Could bring major industry here

Posted: October 28, 2010 10:31 p.m.
Updated: October 28, 2010 10:27 p.m.

Kershaw County Economic Director Nelson Lindsay was a popular man at Kershaw County Council’s meeting Tuesday.

During the meeting, Lindsay recommended the county enter into a land option agreement with the John W. Conder Family Limited Partnership that would put more than 1,350 acres in the county’s control for at least the next five years. Council unanimously approved the land option agreement 6-0. Councilman Gary Elliot was absent.

Lindsay said the county has never done anything of this magnitude before.

Assuming the due diligence comes back clean, the deal puts the county “on the radar” for large-scale industry looking to locate a facility, Lindsay said.

“Companies of this size aren’t going to take the time to look at a site that isn’t already certified,” said Lindsay. “This will allow us to be able to market this to those large projects that we really don’t have a shot at otherwise,” he added.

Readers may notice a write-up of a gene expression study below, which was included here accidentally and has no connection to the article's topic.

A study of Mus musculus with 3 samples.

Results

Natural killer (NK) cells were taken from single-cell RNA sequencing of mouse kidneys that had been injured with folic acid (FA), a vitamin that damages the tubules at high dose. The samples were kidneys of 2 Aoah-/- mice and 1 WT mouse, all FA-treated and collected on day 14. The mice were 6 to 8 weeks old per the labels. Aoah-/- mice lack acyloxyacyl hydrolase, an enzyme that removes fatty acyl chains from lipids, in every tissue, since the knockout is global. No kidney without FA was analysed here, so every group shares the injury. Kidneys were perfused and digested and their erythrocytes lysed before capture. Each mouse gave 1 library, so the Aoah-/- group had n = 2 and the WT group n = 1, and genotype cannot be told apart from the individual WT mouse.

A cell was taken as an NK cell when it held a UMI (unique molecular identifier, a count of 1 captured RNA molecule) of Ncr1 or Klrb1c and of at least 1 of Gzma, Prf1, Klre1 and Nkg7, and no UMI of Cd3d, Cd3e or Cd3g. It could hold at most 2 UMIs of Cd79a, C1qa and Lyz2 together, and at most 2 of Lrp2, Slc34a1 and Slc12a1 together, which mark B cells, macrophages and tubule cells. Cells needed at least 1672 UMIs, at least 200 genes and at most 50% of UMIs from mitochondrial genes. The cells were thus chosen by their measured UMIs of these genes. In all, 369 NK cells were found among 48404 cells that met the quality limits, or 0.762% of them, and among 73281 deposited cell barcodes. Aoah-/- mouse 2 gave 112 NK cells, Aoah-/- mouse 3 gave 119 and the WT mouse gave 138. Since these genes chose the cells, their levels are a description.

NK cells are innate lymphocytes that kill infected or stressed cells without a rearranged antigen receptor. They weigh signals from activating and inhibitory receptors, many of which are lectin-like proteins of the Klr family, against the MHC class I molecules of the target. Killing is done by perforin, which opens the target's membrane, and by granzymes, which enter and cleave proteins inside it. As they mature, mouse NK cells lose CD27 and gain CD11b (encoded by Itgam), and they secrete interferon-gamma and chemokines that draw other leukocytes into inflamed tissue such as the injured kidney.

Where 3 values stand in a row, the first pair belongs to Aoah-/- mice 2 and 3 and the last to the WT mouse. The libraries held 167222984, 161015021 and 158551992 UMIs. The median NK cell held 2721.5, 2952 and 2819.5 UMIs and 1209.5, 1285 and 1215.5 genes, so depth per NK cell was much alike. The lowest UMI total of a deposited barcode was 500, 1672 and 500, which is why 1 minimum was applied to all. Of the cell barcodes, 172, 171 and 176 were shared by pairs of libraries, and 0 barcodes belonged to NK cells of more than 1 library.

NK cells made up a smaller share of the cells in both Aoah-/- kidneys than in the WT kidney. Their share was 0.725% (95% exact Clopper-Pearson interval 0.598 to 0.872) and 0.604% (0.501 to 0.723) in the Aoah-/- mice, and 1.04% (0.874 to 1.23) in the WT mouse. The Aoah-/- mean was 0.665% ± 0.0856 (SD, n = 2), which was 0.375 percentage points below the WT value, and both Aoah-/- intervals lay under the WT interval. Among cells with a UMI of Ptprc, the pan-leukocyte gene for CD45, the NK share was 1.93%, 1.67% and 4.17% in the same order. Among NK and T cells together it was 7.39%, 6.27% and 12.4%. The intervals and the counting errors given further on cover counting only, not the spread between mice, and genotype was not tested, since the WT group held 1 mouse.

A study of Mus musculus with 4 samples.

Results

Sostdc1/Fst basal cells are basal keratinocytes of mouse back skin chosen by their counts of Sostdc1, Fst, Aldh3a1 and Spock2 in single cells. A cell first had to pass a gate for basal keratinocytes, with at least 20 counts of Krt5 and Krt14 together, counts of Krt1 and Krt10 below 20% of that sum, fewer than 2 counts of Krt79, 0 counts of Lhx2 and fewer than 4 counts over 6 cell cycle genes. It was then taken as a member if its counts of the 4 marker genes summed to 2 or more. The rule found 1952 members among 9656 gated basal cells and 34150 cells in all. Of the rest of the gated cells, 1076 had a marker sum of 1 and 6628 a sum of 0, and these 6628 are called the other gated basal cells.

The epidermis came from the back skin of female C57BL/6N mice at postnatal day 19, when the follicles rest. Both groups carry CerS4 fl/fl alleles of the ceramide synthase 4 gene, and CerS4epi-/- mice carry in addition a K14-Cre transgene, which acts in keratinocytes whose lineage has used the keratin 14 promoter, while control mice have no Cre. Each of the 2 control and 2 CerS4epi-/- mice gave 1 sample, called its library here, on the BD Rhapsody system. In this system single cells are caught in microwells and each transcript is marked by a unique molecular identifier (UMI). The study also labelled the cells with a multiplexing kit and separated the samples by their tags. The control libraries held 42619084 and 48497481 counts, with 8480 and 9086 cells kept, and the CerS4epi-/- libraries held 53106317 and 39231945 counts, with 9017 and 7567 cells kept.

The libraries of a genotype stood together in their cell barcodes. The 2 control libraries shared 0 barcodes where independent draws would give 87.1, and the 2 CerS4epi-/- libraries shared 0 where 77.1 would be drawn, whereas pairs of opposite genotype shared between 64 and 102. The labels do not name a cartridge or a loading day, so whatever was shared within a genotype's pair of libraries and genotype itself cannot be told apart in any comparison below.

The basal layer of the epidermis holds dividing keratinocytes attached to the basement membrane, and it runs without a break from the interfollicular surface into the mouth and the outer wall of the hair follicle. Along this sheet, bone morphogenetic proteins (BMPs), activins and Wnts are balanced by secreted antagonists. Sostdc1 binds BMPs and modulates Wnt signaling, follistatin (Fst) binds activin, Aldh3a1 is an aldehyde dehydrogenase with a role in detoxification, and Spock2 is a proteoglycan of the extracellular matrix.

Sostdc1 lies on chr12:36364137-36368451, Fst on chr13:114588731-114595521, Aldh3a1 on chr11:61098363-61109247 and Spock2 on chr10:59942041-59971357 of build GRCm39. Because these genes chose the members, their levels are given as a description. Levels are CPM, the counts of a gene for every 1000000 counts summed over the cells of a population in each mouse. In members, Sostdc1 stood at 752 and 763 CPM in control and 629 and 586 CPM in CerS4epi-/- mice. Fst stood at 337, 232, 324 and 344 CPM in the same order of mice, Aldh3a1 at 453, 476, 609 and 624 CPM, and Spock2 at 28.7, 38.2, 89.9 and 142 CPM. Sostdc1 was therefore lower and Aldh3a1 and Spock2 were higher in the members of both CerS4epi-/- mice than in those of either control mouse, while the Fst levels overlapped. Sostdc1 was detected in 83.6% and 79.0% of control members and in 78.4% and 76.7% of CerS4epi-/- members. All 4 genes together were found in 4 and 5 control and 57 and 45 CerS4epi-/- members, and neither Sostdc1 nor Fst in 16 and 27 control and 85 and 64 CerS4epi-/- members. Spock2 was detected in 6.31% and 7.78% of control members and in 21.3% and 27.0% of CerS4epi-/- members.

The property is located near Exit 92 off I-20 in Lugoff.

The county will have 310 days to complete due diligence, which will consist of an environmental study, weapons delineation, endangered species studies, and surveying.

“We’re not paying for the property, we’re paying for the due diligence,” Lindsay said.

But, he continued, funding sources have already been established through Progress Energy, a regional economic development alliance and potentially the state Department of Commerce (DOC).

Councilman Stephen Smoak said this was a “unique opportunity” for the county. He referenced the Boeing Corporation and BMW, two of the state’s largest employers, to put the size of a prospective industry in perspective.

Councilman Jimmy Jones, who said he’s often had different opinions from Lindsay, praised the economic development director’s work.

“This is thinking outside the box,” said Jones.

Lindsay said the site “has a lot going for it. It’s by no means the perfect site, but the perfect site is not out there,” he said. “We do think this is an extremely attractive site for companies looking to South Carolina to build their facility.”

The price tag for the land would come in at approximately $20 million, but Lindsay made a point to say the county wouldn’t purchase the land if there wasn’t a company agreeing to locate here.

“This is getting scary; you and I are getting along too well tonight,” Jones joked to Lindsay.

A DOC consultant is currently assessing the land and will ultimately give the go-ahead for the county to have the due diligence completed.

Lindsay also announced Tuesday a $5 to $10 million expansion at the Hengst plant, which could potentially bring more than 100 new jobs to the county over a 10-year period.